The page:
84 points by lawrenceyan 6 months ago | hide | past | web | favorite | 17 comments



Could it not be that the lifespan is just significantly longer than the observation period? If we looked at human mortality in a sample of a few thousand individuals over the first 30 years of life it would also appear rather flat.


>If we looked at human mortality in a sample of a few thousand individuals over the first 30 years of life it would also appear rather flat.

it's not

https://en.wikipedia.org/wiki/Gompertz%E2%80%93Makeham_law_o...


He is actually mentioning a real effect. Note the flat part around 20-30 years old:

https://en.wikipedia.org/wiki/Gompertz%E2%80%93Makeham_law_o...

If that's all the data you had it would look like an S curve with an odd starting anomaly at <1 year old.


what is "censorship" as defined in that study?

Example in context: ". Right-censorship was applied in three cases: if the animal was (1) transferred to another collection, with the date of transfer considered as the censorship event; (2) euthanized for research purposes when still healthy, with the date of sacrifice as the censorship event; or (3) still alive when the process of compiling records was completed, with the date of completion as the censorship event (see Materials and methods)."


If the naked mole rat does not age in terms of negative consequences of age, what makes them die at 30?


The authors address this this to some degree in the Discussion. See the para beginning "Indeed, naked mole-rat mortality was less consistent with a typical Gompertz model of hazard than it was with an exponential decay model, with a constant probability of decay (death) defining a species’ half-life."


The same things that make them die at three years old. The point is the rate of those things which kill, does not increase as much with age as it does with the rest of us mammals.


What makes them die younger is the real question. Their curve is pretty flat as a trend line (although with plenty of peaks and valleys) and seems to start at 600 day old mouse mortality rates. Although they are also infamously inbred.

I wonder if it would be possible to breed for lifespan by breeding only the 'elders' among them or if it would do about as much good as breeding for resistance to gunshots - outside circumstances not influencible.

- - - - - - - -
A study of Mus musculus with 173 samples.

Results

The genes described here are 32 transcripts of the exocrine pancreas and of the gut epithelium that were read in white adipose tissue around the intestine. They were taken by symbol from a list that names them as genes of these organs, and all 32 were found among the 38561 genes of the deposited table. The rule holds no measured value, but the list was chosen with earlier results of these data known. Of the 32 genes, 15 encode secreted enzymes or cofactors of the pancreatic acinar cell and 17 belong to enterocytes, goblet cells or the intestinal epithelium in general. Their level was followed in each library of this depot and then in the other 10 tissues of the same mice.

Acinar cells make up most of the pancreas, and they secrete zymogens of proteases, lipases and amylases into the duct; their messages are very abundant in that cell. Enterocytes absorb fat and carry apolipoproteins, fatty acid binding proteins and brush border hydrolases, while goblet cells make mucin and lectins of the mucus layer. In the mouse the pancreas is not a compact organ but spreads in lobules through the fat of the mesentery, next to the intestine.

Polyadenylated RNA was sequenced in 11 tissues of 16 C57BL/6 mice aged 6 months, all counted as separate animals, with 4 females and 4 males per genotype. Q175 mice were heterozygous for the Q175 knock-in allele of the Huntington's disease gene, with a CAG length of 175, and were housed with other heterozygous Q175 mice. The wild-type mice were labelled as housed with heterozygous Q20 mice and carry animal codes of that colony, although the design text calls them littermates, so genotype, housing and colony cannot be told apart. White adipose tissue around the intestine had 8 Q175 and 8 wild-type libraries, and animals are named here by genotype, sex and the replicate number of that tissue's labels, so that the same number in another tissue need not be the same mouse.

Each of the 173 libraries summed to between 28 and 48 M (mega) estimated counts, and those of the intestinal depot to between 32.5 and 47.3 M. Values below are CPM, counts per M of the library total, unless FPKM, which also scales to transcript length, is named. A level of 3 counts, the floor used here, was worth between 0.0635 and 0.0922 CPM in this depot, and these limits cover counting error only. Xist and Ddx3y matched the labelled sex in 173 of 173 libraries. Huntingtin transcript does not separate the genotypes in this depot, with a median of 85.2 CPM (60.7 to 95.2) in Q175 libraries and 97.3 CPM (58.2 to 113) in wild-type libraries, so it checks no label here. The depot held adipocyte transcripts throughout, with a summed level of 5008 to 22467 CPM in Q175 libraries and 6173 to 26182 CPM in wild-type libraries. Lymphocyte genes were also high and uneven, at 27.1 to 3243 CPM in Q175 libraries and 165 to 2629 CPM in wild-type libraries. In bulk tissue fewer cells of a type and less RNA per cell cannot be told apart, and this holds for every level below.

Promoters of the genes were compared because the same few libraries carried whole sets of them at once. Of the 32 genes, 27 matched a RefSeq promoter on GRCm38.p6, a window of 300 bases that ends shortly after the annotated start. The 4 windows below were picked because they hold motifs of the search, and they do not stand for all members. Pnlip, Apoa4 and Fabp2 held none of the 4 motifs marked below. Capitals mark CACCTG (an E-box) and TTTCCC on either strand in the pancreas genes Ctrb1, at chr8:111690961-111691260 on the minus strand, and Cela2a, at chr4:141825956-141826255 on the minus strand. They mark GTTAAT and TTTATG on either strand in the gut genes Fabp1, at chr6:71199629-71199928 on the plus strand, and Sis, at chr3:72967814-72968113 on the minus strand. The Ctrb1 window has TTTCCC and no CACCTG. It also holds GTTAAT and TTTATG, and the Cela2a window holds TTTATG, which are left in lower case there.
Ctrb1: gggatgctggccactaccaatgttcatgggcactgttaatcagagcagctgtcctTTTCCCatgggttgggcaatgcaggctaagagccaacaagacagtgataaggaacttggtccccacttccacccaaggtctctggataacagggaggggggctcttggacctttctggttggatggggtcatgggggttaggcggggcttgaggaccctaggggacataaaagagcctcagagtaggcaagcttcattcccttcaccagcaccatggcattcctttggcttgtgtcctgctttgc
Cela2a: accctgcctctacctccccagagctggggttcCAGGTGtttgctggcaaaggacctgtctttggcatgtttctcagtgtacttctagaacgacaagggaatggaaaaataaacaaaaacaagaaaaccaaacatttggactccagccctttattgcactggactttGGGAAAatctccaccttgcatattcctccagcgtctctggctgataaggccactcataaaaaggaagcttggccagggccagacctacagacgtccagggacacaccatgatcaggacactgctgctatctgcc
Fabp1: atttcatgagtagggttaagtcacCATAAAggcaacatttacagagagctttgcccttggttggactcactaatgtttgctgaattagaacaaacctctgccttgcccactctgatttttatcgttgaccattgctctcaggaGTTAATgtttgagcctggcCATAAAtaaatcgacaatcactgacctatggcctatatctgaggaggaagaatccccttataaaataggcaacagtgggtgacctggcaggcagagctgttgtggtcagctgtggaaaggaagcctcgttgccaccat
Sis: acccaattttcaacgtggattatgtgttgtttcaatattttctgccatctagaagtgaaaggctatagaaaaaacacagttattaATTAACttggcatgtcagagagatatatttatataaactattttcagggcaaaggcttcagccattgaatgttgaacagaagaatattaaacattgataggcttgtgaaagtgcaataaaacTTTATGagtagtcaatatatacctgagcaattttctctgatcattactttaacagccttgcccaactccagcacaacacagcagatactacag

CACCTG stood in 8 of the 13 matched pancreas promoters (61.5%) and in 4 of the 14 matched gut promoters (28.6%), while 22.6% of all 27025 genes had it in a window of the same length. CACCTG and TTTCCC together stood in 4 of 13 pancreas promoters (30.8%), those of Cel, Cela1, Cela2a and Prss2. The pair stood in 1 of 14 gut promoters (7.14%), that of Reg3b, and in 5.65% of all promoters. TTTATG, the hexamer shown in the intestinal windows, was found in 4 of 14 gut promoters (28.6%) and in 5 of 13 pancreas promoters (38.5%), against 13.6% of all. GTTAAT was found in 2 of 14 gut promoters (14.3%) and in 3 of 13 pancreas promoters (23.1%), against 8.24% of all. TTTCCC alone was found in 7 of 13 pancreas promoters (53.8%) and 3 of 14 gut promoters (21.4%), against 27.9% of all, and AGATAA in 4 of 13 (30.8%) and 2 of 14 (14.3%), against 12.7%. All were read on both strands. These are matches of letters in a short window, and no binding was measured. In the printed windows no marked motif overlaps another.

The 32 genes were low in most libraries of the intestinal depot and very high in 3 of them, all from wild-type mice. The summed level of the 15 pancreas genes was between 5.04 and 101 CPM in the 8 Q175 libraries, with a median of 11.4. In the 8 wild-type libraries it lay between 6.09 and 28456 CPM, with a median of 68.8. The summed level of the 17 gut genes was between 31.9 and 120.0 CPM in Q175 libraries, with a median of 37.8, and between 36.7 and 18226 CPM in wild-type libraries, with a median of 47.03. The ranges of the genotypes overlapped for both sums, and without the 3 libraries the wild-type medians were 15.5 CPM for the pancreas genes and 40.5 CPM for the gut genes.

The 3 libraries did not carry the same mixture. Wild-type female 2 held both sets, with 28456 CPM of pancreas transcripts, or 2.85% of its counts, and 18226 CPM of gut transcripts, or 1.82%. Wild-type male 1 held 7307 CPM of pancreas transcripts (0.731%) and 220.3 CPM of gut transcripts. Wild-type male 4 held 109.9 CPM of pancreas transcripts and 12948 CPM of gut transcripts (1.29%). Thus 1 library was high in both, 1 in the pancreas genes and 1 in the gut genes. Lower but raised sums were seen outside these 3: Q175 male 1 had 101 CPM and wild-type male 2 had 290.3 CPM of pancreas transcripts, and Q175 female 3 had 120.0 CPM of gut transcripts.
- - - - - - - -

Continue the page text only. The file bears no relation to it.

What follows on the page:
Of course you can breed for resistance to gunshots. Size, hardened skin, extreme speed of ducking reflex, regenerative capacity, spiderlike weaving ability etc. etc.

Long term project, but in principle.


It works on fruit flies, see Rose, M. Laboratory Evolution of Postponed Senescence in Drosophila melanogaster. Evolution (1984), where the lifespan was doubled.

So this certainly works in principle. For longer lived species I expect it will still work, but it would take hundreds to thousands of years to breed for even a few dozen generations.


I would be concerned with secondary effects of aging on viability of gametes and chances of exotic conditions - doing this over any large span of generations would probably (temporarily?) yield a much higher mortality rate until we figured out the best ratio of increased parent lifespan to increased child mortality.


With humans you probably wouldn't want to wait with the breeding until the parents are old, but select breeding pairs based on the longevity of their (great-)grandparents. At least until you figure out useful biomarkers that reliably predict longevity already at the age of twenty or so.


> I wonder if it would be possible to breed for lifespan by breeding only the 'elders' among them

You wouldn't want to breed the 'elders' but the offspring of 'elderly' naked mole rats.


Have not read the paper I assume that if you had a large enough mole rat population you would observe some of them to live beyond 30.


Also we have mole rats in captivity above 30 years at this moment.

I guess we only have had size-able mole rat population for around 30 years.


The total compiled sample size is rather small.

3848


Always nice to see updates on what research is being done at Calico.